Dressage circuit champion Debby Buck DeJonge’s novels are set in the glammy world of fancy horse competitions. Lead Horse and Catch Rider are the first two books in a trilogy. The third, Safe Saddle, is in the works. The tales offer a glimpse into a stratum of society so artfully lambasted by Jane Austen 200 years ago, that to put pen to paper to critique the modern day “landed gentry” one better have a hook, a new angle with which to draw in the reader. Not to worry, DeJonge does. She’s interwoven sexy escapades throughout, with enough erotic innuendos to make even Anne-Marie Villefranche blush.
DeJonge grew up in Rockford, Michigan. Impressively, she put herself through college waiting tables and worked as a concierge at the Amway Grand Plaza Hotel. Not exactly a path one would expect of the daughter of country club owners. She is also an avid golfer. Along with dressage, it is one of her passions. Health and nutrition is another. In a former incarnation she was the right-hand woman to her husband-doctor, the late Dr. Robert DeJonge. The pair ran an anti-aging clinic and spoke at international conferences, rubbing shoulders with the likes of other wellness champions in the complementary medicine space, not the least of whom included eighties icon Suzanne Somers (acclaimed author and actress known for her role as Chrissy Snow on the sitcom Three’s Company).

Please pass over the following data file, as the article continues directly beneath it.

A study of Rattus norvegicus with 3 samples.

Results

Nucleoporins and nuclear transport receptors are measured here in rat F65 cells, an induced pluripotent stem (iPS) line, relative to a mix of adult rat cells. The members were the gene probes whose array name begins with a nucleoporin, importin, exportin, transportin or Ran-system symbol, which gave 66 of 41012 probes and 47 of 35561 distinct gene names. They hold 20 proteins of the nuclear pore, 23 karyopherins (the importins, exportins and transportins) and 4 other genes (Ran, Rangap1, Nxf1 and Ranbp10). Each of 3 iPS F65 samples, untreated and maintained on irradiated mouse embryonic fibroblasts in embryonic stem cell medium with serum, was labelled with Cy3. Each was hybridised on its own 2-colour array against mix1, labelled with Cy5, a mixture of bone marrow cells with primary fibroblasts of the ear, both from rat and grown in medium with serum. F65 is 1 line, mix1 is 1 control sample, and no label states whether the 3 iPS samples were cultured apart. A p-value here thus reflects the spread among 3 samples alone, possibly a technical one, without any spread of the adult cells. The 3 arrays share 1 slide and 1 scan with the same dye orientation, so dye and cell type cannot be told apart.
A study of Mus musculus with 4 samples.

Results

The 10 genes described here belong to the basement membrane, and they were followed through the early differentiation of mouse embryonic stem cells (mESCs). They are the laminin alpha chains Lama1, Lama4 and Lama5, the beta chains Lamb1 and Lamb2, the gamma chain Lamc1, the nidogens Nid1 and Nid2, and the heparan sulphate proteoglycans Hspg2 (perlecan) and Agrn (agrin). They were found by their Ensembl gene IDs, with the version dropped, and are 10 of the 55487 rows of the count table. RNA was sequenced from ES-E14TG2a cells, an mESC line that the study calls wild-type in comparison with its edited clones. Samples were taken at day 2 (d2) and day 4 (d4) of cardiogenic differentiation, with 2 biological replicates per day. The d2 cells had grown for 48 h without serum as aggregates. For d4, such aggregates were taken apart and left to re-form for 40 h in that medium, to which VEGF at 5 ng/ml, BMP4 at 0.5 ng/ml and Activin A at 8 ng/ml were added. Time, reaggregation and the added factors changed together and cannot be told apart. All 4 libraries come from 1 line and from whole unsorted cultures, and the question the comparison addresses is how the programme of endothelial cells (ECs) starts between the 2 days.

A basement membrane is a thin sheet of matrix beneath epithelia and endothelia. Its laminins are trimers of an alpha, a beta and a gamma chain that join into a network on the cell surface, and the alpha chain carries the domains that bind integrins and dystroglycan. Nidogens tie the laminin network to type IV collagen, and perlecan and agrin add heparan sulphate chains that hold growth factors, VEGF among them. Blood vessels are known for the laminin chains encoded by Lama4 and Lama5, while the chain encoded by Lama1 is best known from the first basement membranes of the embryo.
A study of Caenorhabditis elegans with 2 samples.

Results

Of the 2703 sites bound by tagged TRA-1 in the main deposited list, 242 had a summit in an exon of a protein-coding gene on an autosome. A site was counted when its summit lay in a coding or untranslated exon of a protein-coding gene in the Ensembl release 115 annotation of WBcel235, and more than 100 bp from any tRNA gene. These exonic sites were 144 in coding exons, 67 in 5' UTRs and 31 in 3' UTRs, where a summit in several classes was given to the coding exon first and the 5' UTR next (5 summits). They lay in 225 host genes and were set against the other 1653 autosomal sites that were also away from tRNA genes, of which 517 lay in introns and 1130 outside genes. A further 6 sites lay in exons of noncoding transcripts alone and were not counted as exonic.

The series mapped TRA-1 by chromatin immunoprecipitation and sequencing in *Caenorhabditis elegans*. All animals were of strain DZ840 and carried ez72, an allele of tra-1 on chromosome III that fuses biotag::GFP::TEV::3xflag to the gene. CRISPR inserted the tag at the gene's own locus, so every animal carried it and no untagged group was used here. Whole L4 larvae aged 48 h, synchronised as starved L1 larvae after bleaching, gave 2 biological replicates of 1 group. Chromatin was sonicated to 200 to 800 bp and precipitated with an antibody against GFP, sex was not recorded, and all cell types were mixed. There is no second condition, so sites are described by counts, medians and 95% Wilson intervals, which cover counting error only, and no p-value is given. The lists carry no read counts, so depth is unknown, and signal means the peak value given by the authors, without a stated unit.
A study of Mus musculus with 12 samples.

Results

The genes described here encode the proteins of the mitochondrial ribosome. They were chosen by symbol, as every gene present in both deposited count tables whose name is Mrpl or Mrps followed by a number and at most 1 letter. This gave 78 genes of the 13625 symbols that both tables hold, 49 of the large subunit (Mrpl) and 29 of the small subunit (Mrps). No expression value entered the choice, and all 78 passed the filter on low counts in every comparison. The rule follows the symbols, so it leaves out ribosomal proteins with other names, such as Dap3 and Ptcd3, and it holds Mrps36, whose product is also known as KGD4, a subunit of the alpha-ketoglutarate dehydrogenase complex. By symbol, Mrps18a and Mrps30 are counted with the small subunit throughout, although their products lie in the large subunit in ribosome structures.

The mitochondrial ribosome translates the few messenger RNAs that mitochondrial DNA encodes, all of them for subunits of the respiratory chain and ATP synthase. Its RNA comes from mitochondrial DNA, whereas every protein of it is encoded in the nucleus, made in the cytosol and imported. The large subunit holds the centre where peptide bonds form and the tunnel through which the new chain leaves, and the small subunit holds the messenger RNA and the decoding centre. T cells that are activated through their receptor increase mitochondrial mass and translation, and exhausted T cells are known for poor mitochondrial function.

I went to see DeJonge on the cold October day after Somers’s passing. The grief was new. We quelled it with a bottle of Veuve in a little octagonal out-building on her lakefront property in Ada, a “she shed” she refers to as the fox den. I didn’t know DeJonge before the meeting, nor did I know she’d known Somers, or that I’d be joining in the mourning of Chrissy Snow. I’d come to talk about a different Chrissy… Van Foque-Trot, the arch nemesis to her novels’ protagonist Candy Clark, who leads a charmed life bopping between Palm Beach and her Midwest base of Boutique Town.
Lead Horse and Catch Rider offer a no-holds-barred account of how mice play while the cat’s away, and waxes lyrical on the benefits of living on a large estate with a second driveway when it comes to extramarital trysts. Apparently, having a second driveway is a big boon to the bed-hoppers of Boutique Town, offering an alternate escape route for lovers who’re still lingering when the old man’s heading up driveway number one. While the smutty shenanigans may seem a tad embellished for the sake of entertainment, the window into the world of dressage competitions is clear and smacks of sincere authenticity.
“Dressage is like ballet, but on horseback,” DeJonge said and then mused about how she shocked people in the dressage community (who oftentimes spend big money on high priced steeds to garner their gold medals) by turning her horse, a pasture pet named Pax (now 27 years old), into a champion.
“The grace and discipline of dressage riding incorporate intricate movements such as the center pirouette, in which the horse literally canters in place and then performs a 360-degree turn in four footfalls of perfect harmony. The movement can emulate a winged horse skipping to heaven with each muscle and movement in perfect simpatico,” writes DeJonge in Lead Horse.
The books excel past pedantic, albeit poetic, descriptions of pony prancing and clandestine encounters. DeJonge’s prose is packed with colorful chronicles, marvelous metaphors, and artful alliteration, as well as the requisite number of cheeky jabs at the ultra-privileged inhabitants of her world. This elevates the stories from mere pulp tales to textual analyses of DeJonge’s experience of the here and now. Plus, the books are just a rollicking good read– entertaining escapism for the hoi polloi.
Highest recommendation. Jump on and go along for the ride!